Fraiche Founder Almost Went Into Medical Tourism


A: Fraiche was started by Patama Roj (now Patama Gur). In Jan 2006, I had just moved to the Bay Area and took a moment to reflect and think about what my dream job would be. I made two lists: a list of all my passions and a list of all my experiences/skills and mapped them across market opportunities in an effort to find potential competitive advantages. My initial ideas for a business were wide-ranging (Medical tourism, anyone?)

As I pushed on the specifics of making each idea a reality, the idea for Fraiche floated to the top. I'm a huge foodie. I also had just left a three year stint at Burger King HQ helping them with their turnaround so I knew a little about quick service/food retail. I love feeding people at home and the thought of feeding our community was alluring.

My initial thinking went like this...To me, yogurt is a perfect food and it had evolved too far from its roots for no good reason. Its fermented nature is naturally healthy and in the greek form, it's high in protein and deliciously creamy. Also, yogurt is a global staple and also very versatile in many savory and sweet recipes. It can easily be eaten all day. With such demand and so many great ways to serve yogurt, why wasn't there a high end retail experience that could spotlight this perfect food. The possibilities seemed endless.

The key was to make my idea original and special so I took everything to the extreme by constantly asking how I could make the best product without compromises. For example, "How can we make the healthiest yogurt available?" Answer: by making it as fresh as possible, so all the healthy cultures are still really active...so we built a full dairy plant right in our shop. "How can we avoid all the artificial frozen yogurt stabilizers and binders that keep product evenly mixed and consistent?" Answer: by developing procedures to constantly mix our product before it separates too much.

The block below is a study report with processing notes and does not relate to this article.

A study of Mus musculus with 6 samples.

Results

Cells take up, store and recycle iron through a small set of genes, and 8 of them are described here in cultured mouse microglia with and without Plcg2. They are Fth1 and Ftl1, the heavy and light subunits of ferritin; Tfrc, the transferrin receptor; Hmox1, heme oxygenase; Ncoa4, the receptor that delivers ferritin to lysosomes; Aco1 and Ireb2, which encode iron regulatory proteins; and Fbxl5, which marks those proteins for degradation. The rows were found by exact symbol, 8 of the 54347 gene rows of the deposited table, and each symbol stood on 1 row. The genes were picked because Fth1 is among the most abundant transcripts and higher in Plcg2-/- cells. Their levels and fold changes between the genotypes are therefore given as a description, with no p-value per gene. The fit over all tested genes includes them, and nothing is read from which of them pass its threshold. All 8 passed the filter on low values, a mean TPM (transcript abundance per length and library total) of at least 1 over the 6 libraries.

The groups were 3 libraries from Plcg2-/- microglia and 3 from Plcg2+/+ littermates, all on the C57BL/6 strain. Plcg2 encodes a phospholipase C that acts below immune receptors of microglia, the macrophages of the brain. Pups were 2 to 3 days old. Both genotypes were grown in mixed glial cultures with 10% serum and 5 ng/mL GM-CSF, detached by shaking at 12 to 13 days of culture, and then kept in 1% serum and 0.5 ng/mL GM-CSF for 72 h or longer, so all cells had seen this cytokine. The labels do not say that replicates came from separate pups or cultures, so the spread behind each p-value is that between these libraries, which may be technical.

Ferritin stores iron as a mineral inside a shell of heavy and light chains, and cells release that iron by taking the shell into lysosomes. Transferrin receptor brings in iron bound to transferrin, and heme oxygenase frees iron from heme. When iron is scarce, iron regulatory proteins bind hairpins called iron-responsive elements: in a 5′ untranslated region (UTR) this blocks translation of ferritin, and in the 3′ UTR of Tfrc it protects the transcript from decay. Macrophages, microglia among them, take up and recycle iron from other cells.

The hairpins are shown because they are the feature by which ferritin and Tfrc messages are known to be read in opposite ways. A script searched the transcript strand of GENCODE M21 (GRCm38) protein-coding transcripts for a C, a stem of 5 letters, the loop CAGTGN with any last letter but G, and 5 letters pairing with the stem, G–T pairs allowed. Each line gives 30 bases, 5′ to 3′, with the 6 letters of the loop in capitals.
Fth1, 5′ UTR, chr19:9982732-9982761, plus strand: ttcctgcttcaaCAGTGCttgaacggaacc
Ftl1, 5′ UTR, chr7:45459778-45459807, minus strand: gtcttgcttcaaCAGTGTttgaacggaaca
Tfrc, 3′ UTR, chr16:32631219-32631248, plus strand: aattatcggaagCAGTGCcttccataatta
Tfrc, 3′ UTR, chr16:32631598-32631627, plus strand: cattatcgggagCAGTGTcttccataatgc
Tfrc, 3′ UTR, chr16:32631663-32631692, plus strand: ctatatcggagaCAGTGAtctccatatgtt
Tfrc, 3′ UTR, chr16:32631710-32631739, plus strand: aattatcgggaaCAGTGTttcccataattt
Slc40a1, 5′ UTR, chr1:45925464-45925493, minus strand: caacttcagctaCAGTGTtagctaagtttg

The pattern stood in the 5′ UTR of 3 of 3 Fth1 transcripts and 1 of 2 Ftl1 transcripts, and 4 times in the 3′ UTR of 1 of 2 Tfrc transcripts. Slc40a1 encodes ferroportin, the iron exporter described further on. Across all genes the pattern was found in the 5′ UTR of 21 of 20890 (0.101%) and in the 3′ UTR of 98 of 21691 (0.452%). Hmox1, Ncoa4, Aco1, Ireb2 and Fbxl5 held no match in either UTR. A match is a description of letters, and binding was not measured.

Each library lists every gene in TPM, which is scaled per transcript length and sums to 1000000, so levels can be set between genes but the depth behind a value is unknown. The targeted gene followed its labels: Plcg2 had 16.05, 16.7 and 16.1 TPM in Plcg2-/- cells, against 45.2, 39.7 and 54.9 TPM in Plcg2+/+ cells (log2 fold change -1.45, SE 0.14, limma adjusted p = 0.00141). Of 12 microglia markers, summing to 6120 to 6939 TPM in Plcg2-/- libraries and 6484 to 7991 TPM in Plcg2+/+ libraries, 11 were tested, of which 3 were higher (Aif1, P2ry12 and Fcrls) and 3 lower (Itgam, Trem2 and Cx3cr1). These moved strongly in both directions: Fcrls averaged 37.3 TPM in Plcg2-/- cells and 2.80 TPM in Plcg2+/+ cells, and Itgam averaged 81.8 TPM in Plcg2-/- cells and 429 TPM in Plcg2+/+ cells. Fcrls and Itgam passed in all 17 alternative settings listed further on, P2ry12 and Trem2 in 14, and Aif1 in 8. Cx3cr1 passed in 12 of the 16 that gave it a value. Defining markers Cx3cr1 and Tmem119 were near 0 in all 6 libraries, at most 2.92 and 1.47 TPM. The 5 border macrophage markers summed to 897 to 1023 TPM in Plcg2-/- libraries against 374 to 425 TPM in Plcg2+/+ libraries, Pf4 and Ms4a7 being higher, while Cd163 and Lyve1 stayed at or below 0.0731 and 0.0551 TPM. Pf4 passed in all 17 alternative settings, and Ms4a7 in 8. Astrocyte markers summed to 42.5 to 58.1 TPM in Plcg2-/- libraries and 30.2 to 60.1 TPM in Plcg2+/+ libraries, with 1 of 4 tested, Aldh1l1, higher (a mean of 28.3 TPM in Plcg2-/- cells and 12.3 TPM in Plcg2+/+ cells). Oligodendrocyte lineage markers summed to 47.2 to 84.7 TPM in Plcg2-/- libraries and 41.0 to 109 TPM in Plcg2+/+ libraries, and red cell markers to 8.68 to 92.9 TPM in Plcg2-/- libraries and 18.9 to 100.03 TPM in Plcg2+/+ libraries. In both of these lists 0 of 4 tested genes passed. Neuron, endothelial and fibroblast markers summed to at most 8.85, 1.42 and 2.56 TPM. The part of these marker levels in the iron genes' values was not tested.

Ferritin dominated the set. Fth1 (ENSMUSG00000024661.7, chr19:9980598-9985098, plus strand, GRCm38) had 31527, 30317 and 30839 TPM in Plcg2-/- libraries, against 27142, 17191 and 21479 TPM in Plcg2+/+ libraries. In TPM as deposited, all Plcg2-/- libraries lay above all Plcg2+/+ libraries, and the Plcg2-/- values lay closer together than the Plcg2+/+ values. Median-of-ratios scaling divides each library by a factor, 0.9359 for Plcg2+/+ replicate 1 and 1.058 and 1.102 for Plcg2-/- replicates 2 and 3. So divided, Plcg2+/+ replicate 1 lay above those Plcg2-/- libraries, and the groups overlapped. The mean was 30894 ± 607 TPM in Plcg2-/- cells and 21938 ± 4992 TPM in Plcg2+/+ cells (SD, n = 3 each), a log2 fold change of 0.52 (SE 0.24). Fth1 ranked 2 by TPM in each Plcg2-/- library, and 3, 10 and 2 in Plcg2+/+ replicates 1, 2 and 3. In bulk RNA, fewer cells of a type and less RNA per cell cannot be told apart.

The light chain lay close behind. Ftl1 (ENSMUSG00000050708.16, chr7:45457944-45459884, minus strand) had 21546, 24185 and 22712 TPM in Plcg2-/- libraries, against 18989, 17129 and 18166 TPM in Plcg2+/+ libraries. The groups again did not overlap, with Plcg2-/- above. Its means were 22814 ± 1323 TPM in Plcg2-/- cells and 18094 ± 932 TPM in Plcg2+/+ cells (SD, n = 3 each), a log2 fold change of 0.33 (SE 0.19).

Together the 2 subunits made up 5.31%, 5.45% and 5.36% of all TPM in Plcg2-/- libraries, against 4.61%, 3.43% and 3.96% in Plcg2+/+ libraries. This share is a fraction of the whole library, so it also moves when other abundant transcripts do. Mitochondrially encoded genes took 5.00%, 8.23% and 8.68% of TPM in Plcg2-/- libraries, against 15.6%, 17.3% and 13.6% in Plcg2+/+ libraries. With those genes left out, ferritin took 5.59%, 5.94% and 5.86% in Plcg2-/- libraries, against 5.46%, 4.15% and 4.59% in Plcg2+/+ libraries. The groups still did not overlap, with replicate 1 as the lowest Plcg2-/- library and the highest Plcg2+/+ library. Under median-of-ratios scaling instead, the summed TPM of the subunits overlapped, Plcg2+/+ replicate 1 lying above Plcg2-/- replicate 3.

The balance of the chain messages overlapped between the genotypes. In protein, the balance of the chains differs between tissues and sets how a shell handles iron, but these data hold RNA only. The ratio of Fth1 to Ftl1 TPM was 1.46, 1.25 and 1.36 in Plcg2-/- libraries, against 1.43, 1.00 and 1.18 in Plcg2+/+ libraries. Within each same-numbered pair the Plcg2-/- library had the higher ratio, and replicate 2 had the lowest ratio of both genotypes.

I was really excited about offering up an honest, high quality product to our community. Something that was so indulgent it would make you smile but also something that I could feel proud of because it was nutritious and pretty good for you too! And nothing brings people together like good food.

It's a beautiful thing when a career and a passion can come together. The timeline was fast. By Aug 2006, I settled on artisanal greek yogurt shop idea and incorporated. By Nov 2006, I had signed a lease and by June 2007 Fraiche was open. Jessica Berlinger, a good friend from my investment banking days in NYC happened to move to the Bay Area at the same time and she helped me launch Fraiche for the first couple of years before she went back to the corporate world.

I can't believe it will be almost ten years since we started!


Making froyo the way Fraiche does takes a lot more effort because we wanted to first make real organic greek yogurt as the base vs just buying a chemical-laden froyo mix. So we literally had to build a mini dairy plant with a pasteurizer. We also have to have an incubator to grow our cultures in milk. These probiotic cultures and the health benefits that they impart are really what makes our frozen yogurt healthier than ice cream. Ice cream shops, even the ones that make their own ice cream, typically won't be pasteurizing or growing cultures.

As far as selling, ice cream shops have an advantage bc they only need one freezing machine to make all flavors while frozen yogurt shops need one machine for every two flavors. This is a lot more expensive and takes up more space so usually frozen yogurt shops offer fewer flavors than ice cream shops. Also ice cream shops can sell pints of their product and customers will almost have the same experience whereas the frozen yogurt texture changes if you put it in a freezer at home.